Al-Qaeda militants overran an army camp in southern Yemen Thursday following clashes that killed at least seven people, a local government official said.
The militants seized the camp of the 19th Infantry Brigade in Baihan, a town in southern Shabwa province, the official said, adding that three soldiers were among those killed.
Ansar al-Sharia, the main arm of Al-Qaeda in Yemen, claimed the attack in a statement on Twitter, accusing troops at the camp of links to the Shiite Huthi militia controlling the capital.
It published pictures of its militants raising the black and white flag of Al-Qaeda at the camp entrance, as well as pictures of soldiers it claimed to have captured.
Tribal sources said the militants seized "dozens" of soldiers and took their weapons, but freed them following tribal mediation.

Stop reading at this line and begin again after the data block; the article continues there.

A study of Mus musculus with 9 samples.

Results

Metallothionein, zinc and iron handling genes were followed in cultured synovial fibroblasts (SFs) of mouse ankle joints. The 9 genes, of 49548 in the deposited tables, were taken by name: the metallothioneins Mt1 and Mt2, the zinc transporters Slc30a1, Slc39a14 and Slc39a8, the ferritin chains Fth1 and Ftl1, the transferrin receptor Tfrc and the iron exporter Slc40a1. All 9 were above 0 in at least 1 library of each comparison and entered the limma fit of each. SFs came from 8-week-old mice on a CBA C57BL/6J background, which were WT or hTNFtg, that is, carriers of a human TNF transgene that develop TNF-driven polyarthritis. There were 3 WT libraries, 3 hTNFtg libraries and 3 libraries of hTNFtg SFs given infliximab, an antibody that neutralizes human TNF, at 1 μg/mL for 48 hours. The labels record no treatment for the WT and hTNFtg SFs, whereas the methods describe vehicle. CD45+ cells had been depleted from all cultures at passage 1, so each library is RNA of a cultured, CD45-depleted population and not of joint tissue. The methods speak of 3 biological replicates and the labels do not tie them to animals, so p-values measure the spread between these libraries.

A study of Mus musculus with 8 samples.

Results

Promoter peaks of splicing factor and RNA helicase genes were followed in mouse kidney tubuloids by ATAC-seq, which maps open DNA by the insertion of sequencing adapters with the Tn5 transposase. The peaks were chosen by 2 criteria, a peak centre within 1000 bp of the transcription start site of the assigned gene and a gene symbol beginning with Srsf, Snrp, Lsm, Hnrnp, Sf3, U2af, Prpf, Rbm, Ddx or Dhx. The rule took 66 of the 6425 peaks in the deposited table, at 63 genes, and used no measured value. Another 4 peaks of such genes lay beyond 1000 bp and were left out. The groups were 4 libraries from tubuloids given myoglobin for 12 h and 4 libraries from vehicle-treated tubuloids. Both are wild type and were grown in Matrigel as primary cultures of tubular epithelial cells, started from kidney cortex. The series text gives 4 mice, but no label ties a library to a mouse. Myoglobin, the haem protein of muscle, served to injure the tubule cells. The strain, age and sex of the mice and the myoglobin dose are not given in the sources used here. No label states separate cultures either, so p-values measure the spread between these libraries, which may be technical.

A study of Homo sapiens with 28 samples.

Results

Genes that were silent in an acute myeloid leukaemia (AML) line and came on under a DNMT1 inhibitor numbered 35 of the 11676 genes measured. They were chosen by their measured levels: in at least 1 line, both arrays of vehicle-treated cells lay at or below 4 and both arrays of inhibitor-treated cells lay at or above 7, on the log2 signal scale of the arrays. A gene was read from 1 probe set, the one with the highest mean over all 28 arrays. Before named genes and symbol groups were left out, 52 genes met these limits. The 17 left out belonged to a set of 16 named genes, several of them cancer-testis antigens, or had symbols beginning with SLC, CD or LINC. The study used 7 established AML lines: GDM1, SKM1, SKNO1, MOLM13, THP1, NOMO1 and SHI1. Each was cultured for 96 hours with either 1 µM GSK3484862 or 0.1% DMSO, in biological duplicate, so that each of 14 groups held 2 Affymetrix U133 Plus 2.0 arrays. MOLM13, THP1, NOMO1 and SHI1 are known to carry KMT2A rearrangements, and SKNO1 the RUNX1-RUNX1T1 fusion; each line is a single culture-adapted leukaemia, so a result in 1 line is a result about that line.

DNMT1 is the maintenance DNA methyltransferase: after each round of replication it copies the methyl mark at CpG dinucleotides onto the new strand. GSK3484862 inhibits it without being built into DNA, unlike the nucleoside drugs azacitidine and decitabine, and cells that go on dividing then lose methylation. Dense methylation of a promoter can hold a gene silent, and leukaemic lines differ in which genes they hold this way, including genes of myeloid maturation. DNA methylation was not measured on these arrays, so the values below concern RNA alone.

The tribes are demanding Al-Qaeda hands over the arms.
The attack came a day after the United States, Britain and France announced the closure of their embassies in Sanaa, citing security fears after the Huthis took power in the capital.
Yemen-based Al-Qaeda in the Arabian Peninsula (AQAP) is seen by the United States as the deadliest branch of the global extremist network.
AQAP claimed responsibility for last month's attack on French satirical magazine Charlie Hebdo that left 12 people dead.
Yemen, a deeply tribal country, has been shaken by growing unrest since the Huthis seized control of Sanaa in September before pushing farther south.
They have met deadly resistance from Al-Qaeda as well as Sunni tribes.
The Huthis dissolved parliament and declared a "presidential council" last week after Western-backed president Abedrabbo Mansour Hadi tendered his resignation saying he could no longer govern.
Yemeni authorities have for years allowed the United States to carry out drone strikes against AQAP on their soil, and Hadi had been a key US ally in fighting Al-Qaeda.